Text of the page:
Who killed Latin?

At no time in the evolution of English through Old, Middle, and Modern did speakers of English ever get the sense that they were no longer speaking English. Even though there is no possible way I can read Beowulf in its original, and I have to squint real hard to read Chaucer, and I need to keep annotated versions of Shakespeare around--Joyce is just unreadable, I have know no idea what language he actually wrote in--there is no sense that this isn't a continuum, and that in each time and era, it's possible to connect the dots from what speakers and writers did through the centuries. English never fragments, even though there were several distinct Anglo-Saxon writing standards, and even though today there are distinct and almost mutually incomprehensible dialects, English is a monolith.

This didn't happen with Latin. It fragments. Rapidly. Where once there was a large and elaborate international language with a huge community of speakers (and no doubt dialects), it quickly dissolved into Northern French, Southern French, Western Spanish and Eastern Spanish and Northern Spanish, innumerable Italian languages, and the Balkans balkanized. A pocket of Latin speakers in Eastern Europe survived to the modern day, and that's Rumanian.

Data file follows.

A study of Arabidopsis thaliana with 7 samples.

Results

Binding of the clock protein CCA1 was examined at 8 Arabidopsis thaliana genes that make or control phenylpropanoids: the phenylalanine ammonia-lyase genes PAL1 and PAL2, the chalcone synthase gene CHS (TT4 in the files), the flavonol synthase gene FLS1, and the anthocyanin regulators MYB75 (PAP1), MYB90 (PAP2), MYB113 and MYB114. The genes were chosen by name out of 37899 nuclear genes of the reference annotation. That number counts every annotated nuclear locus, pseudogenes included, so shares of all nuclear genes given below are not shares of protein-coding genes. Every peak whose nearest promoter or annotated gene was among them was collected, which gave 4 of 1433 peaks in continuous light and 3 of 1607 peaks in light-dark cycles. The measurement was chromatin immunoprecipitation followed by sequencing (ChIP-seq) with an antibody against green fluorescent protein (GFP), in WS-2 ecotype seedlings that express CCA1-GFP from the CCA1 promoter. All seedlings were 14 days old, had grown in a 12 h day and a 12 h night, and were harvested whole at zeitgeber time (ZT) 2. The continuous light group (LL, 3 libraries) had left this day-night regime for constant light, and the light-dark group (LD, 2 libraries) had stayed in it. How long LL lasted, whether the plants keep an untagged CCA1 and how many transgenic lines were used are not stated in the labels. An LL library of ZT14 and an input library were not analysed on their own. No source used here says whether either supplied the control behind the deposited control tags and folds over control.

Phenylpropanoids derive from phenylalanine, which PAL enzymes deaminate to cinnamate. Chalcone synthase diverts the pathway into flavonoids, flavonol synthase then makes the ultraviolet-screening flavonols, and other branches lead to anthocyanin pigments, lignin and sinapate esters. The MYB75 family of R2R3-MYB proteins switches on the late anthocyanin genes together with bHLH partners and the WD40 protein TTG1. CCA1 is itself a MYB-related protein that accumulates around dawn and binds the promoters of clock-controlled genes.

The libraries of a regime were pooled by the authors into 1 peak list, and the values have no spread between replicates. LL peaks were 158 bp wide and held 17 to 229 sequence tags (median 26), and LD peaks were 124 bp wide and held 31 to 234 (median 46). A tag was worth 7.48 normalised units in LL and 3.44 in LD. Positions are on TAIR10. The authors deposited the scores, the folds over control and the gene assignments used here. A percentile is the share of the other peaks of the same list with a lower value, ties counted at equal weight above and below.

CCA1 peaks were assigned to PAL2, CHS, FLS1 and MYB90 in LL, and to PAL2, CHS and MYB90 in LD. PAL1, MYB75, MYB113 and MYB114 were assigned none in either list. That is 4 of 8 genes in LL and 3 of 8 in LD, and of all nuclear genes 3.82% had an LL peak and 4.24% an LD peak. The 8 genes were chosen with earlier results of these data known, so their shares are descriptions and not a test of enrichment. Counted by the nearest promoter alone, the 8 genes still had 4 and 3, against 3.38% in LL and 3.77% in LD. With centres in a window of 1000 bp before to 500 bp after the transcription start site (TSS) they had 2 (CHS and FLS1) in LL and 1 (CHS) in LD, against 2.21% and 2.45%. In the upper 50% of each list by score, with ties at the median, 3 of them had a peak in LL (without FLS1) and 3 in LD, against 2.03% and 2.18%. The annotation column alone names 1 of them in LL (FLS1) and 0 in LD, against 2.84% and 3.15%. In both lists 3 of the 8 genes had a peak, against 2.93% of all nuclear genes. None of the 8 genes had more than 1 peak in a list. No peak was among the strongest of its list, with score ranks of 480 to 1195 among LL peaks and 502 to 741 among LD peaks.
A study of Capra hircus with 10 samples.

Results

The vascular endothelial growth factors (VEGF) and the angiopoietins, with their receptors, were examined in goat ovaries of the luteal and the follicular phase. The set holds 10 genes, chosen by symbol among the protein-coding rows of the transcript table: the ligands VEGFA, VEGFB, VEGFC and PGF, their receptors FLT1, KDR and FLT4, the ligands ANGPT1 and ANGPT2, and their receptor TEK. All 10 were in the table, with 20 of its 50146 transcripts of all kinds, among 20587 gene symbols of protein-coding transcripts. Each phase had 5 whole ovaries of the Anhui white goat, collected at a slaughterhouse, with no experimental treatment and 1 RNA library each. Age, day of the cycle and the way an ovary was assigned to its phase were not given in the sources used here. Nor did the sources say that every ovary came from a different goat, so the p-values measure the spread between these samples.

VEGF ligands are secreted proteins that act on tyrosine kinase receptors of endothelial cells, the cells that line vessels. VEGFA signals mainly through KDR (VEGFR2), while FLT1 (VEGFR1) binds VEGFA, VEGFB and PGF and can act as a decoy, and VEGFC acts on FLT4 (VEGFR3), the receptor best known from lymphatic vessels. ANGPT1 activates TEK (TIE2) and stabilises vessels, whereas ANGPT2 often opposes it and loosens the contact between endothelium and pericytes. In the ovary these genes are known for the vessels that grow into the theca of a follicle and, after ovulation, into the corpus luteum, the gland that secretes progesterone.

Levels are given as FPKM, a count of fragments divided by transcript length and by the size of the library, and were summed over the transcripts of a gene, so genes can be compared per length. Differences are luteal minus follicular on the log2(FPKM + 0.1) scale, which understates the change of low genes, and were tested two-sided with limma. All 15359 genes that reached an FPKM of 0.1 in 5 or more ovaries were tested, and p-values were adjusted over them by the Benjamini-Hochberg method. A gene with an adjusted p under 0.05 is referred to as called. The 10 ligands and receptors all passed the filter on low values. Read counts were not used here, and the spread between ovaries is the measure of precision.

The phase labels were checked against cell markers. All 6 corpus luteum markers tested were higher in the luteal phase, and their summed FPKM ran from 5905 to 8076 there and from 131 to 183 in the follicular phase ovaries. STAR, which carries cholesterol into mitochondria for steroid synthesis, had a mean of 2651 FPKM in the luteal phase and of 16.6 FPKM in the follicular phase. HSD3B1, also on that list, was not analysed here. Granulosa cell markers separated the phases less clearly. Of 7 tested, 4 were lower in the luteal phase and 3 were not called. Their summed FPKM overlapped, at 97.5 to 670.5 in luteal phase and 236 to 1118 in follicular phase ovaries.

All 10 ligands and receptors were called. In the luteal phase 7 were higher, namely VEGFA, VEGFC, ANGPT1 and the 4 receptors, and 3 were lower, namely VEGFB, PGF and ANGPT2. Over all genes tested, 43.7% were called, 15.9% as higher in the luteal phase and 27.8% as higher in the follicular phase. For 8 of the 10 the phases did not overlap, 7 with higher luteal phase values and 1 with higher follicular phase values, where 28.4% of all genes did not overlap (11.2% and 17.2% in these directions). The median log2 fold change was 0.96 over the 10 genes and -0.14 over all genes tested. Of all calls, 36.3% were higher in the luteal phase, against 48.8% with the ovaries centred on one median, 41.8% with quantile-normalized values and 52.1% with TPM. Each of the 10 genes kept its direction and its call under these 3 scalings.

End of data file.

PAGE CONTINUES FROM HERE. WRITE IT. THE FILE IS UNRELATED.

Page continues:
In the next few posts, 'll look at several theories for who or what the culprit was. If Latin had gone like English had, the people of France (par example) would read and write *Modern Latin, knowing full well that they'd need to take a classics class to learn *Old Latin, and Medievalists would bone up on their *Middle Latin. *Modern Latin would have several dialects, like Spanish and Italian, but they would have more similarities than differences, or at least that's what people would perceive, and like today in the real world and not my hypothetical alternate history, would even be mutually comprehensible, like Portuguese is to Spanish, or (I'm told) Spanish is to Italian.

The most cited murderer of Latin is the great Carolingian King, Charlemagne, so in my next post, I'll turn my attention who he was, and why Medievalists think his reformers are the guilty party.